This article is presented by:
Dr M.J. Willis
Department of Chemical and Process Engineering
University of Newcastle upon Tyne
Multivariable Control: An introduction
Aims and Objectives
To introduce the basic concepts of multivariable control (a continuous stirred tank
reactor will be used as the motivating example). To highlight the phenomenon of
loop interactions. To learn how to model multivariable systems using input-output
descriptions. To introduce the relative gain array (RGA) - a tool for the selection of
At the end of this section of the course you should be able to select appropriate
manipulated variable - controlled variable pairings to minimise the effect of loop
interactions in multivariable systems. You should know how to formulate and
interpret the RGA.
• Define the terms SISO and MIMO.
• Introduce MIMO control and loop interaction using a CSTR as the motivating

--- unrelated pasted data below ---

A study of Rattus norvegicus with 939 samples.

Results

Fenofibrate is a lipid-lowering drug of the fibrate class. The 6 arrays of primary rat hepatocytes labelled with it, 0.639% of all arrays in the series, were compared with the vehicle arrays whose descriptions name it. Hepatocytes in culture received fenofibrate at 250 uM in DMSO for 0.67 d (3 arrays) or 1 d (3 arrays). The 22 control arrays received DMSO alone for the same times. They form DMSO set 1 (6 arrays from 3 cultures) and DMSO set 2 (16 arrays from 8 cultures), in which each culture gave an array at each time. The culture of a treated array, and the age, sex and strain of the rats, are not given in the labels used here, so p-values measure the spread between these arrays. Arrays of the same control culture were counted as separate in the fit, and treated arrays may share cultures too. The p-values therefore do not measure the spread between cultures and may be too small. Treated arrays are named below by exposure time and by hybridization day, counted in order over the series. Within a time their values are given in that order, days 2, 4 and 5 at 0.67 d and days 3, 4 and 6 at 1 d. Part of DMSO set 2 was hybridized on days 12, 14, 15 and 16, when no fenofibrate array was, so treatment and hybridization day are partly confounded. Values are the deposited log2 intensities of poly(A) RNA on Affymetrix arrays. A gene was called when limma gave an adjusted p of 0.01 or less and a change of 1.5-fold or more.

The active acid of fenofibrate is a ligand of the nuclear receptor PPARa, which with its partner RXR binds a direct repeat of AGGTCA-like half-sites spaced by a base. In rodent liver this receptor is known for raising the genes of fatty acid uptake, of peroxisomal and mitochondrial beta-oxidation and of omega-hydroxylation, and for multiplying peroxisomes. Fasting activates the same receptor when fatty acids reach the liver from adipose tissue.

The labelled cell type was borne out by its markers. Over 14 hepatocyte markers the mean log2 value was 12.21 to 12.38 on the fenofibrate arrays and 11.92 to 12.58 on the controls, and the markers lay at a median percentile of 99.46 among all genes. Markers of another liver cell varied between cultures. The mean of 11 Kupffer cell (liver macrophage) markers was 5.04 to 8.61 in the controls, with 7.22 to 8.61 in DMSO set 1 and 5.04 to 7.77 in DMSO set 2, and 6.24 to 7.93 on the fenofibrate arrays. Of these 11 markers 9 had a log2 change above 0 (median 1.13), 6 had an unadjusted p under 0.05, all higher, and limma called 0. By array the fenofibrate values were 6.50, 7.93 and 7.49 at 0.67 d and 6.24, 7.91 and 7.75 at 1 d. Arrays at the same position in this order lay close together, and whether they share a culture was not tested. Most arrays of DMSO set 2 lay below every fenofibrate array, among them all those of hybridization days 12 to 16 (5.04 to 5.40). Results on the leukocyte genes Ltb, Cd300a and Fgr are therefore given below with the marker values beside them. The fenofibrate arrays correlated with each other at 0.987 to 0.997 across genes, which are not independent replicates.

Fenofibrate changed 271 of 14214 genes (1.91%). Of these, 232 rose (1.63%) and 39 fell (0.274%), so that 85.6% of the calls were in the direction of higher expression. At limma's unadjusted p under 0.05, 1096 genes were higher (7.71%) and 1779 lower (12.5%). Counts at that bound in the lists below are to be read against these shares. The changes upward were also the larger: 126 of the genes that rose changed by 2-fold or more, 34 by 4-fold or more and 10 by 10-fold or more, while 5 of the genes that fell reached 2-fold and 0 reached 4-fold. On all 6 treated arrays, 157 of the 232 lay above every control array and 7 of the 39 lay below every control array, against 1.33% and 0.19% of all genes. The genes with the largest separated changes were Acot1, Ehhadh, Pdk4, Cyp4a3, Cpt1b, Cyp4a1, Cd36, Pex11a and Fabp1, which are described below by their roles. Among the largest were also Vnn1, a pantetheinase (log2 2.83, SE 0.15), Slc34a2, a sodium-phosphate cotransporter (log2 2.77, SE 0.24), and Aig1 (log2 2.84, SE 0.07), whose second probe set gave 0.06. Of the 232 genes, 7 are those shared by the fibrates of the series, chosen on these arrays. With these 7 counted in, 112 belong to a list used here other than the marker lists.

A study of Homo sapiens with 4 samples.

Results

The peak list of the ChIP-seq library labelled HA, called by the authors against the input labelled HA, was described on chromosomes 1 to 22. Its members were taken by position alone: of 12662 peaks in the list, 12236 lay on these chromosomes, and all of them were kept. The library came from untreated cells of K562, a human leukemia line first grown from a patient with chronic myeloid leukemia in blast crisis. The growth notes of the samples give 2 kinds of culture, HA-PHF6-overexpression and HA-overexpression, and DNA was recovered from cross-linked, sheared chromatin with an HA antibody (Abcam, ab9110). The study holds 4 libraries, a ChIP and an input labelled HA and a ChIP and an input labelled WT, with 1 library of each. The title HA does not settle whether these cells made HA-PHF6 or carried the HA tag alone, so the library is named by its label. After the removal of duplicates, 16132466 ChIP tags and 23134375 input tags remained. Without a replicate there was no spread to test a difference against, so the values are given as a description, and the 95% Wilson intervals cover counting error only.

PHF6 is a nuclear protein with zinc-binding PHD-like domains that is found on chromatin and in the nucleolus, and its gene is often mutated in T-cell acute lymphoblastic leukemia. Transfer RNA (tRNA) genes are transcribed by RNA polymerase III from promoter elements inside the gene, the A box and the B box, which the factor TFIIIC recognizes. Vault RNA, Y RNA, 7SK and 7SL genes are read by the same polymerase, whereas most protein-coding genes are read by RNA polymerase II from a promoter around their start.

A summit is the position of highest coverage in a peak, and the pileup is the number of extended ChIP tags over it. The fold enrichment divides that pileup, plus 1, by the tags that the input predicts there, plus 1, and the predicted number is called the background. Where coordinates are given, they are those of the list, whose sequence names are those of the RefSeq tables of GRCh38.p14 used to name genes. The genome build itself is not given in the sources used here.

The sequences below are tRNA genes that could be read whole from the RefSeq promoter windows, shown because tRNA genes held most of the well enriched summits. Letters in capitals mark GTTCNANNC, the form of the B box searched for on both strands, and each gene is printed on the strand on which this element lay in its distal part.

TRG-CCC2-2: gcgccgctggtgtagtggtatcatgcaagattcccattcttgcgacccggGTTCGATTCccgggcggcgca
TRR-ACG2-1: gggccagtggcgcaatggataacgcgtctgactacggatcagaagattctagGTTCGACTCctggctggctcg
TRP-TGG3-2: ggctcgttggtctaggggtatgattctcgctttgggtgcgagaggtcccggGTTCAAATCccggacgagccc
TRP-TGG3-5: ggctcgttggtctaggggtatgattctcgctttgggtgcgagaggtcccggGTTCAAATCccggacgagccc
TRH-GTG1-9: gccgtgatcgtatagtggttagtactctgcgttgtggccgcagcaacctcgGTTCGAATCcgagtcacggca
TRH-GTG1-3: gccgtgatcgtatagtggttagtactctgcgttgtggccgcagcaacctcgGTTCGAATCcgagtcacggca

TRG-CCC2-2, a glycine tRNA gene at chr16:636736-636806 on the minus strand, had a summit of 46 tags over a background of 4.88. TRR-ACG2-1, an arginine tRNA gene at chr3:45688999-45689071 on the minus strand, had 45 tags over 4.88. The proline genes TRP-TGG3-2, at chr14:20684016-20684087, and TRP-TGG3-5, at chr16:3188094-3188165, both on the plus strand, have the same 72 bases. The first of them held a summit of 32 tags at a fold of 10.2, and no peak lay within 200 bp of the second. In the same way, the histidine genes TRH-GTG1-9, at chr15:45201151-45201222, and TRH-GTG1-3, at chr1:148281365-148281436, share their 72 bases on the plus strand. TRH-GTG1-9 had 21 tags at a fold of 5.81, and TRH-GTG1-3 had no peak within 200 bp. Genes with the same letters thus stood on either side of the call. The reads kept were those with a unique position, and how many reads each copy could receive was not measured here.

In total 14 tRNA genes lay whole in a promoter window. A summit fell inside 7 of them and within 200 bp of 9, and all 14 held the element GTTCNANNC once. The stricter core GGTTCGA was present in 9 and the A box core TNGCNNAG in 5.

• discuss systems modelling for MIMO systems (the transfer function approach).
• clarify discussions using a worked example (modelling and control of a mixing
• introduce the RGA and discuss how it may be used to select input-output
Processes with only one output being controlled by a single manipulated variable are
classified as single-input single output (SISO) systems. It should be noted however,
that most unit operations in chemical engineering have more than one control loop.
In fact, each unit typically requires the control of at least two variables, e.g. product
rate and product quality. There are therefore usually at least two control loops.
Systems with more than one control loop are known as multi-input multi-output
(MIMO) or multivariable systems.
A Continuous Stirred Tank Reactor (CSTR)
A continuous stirred tank reactor (CSTR) is used to convert a reactant (A) to a
product (B). The reaction is liquid phase, first order and exothermic. Perfect mixing is
assumed. A cooling jacket surrounds the reactor to remove the heat of reaction.